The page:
John Conlin / 25 January 2019

Chartered surveyor John Conlin answers reader questions on wood-burning stoves.

Wood-burning stove

Question: how far up the flue should the pipe go?

We have bought a wood-burning stove at auction. It had no stove pipe with it. So that we know how much pipe to buy how far up our flue should the pipe go?


Installing any enclosed stove in England or Wales has to comply with building regulations and will need to be inspected by the local Council’s Building Control Officer unless you employ a HETAS registered installer who are able to self-certify.

One way or another the first thing is for the flue to be swept, checked, smoke tested for leaks. If there are any problems the flue may need to be lined. Next the space at the bottom of the flue around the pipe opening will need to be sealed with a custom made sheet of metal called a ‘register plate’ before positioning the stove and pipe. To finish off you will need fixed fresh air ventilation and a CO2 alarm.


My problem is that fumes are seeping into my house from next door’s wood-burning stove. These houses do not have chimneys, so I don't know what kind of flue they are using.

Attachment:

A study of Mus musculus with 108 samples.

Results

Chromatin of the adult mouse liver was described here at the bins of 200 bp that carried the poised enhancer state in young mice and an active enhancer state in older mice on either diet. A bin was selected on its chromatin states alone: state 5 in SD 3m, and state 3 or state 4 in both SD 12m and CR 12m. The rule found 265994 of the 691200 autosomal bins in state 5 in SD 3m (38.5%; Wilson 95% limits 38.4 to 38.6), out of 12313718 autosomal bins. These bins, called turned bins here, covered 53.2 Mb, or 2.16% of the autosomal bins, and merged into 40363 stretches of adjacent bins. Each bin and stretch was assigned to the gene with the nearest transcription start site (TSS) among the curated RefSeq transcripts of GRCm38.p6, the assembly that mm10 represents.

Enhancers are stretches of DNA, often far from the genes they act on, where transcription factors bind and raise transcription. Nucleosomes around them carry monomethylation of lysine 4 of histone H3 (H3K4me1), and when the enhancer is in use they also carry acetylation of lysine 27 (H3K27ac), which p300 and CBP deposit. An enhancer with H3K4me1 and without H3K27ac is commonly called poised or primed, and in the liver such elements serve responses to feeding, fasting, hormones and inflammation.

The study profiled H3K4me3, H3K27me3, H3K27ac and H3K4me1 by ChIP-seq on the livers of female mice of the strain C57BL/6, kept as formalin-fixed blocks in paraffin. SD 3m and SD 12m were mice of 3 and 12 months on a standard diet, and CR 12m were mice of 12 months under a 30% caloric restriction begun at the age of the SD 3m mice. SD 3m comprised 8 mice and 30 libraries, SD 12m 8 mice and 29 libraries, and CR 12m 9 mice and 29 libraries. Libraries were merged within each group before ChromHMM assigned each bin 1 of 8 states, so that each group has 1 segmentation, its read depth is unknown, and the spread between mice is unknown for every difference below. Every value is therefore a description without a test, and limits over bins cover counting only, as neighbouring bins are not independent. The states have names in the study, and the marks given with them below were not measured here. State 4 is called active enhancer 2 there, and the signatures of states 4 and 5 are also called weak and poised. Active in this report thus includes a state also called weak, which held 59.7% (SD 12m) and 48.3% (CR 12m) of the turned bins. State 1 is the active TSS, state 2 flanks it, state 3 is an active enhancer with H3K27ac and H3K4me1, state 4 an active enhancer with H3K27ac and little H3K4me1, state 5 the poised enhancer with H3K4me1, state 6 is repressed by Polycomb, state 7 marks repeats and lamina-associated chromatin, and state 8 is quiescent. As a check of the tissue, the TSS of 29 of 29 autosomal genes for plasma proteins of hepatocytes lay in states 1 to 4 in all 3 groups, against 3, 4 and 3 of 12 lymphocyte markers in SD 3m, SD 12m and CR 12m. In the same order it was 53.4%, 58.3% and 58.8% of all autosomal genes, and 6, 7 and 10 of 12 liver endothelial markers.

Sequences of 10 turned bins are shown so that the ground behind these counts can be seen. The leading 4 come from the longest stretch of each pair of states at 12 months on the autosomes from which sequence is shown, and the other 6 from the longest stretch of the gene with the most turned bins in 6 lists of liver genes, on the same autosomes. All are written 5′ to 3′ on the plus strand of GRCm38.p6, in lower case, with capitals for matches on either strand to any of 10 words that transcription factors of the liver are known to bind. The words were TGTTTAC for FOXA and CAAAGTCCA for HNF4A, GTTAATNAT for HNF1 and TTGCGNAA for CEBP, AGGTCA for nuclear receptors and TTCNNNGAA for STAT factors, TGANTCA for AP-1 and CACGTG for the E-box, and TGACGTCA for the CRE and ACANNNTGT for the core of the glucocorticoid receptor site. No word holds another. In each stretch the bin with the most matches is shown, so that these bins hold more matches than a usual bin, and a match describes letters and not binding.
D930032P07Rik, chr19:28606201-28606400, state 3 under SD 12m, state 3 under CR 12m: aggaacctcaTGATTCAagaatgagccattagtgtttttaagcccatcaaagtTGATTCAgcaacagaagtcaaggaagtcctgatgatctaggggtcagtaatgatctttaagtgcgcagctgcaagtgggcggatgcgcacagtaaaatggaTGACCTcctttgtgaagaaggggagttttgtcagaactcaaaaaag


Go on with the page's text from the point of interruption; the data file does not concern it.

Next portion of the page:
The installation of all enclosed solid fuel stoves and their flues must, under building regulations, be carried out by a HETAS registered operative or checked by the Council’s Building Inspector. Tell your neighbour about the problem. If it persists contact the local Environmental Health Officer.

Question: how do Peltier fans work?

Our wood burning stove gives off a lot of heat but it is concentrated around the fireplace leaving the rest of the room tepid. Visiting a friend, we saw that they had a fan standing on the top of their stove that wafted the heat around the room. It does not appear to have a mains connection or battery. I would like to know how it works before buying one and our friends have no idea.


The metal stand collects heat from the casing of the stove and warms one of two metal plates separated by a narrow gap. The other plate remains cooler and the differential in temperature generates a tiny electrical voltage sufficient to power the small fan motor. The conversion of heat into electricity by this means is known as ‘The Peltier Effect’.

Question: will the new rules affect us?

Where can we find out whether we will still be allowed to carry on using our 10 year old wood-burning stove when the new rules come into force?


There is no suggestion, as far as I am aware, that any existing wood-burning stoves will be banned. What is being considered is higher standards for new stoves and a ban on the sale of low grade, damp, unseasoned wood for burning because it is this type of wood that smoulders producing particulate rich smoke. Ideally, your stove should be set to burn briskly with good room ventilation and the wood should have been dry stored for at least a year.


The material is for general information only and does not constitute investment, tax, legal, medical or other form of advice. You should not rely on this information to make (or refrain from making) any decisions. Always obtain independent, professional advice for your own particular situation.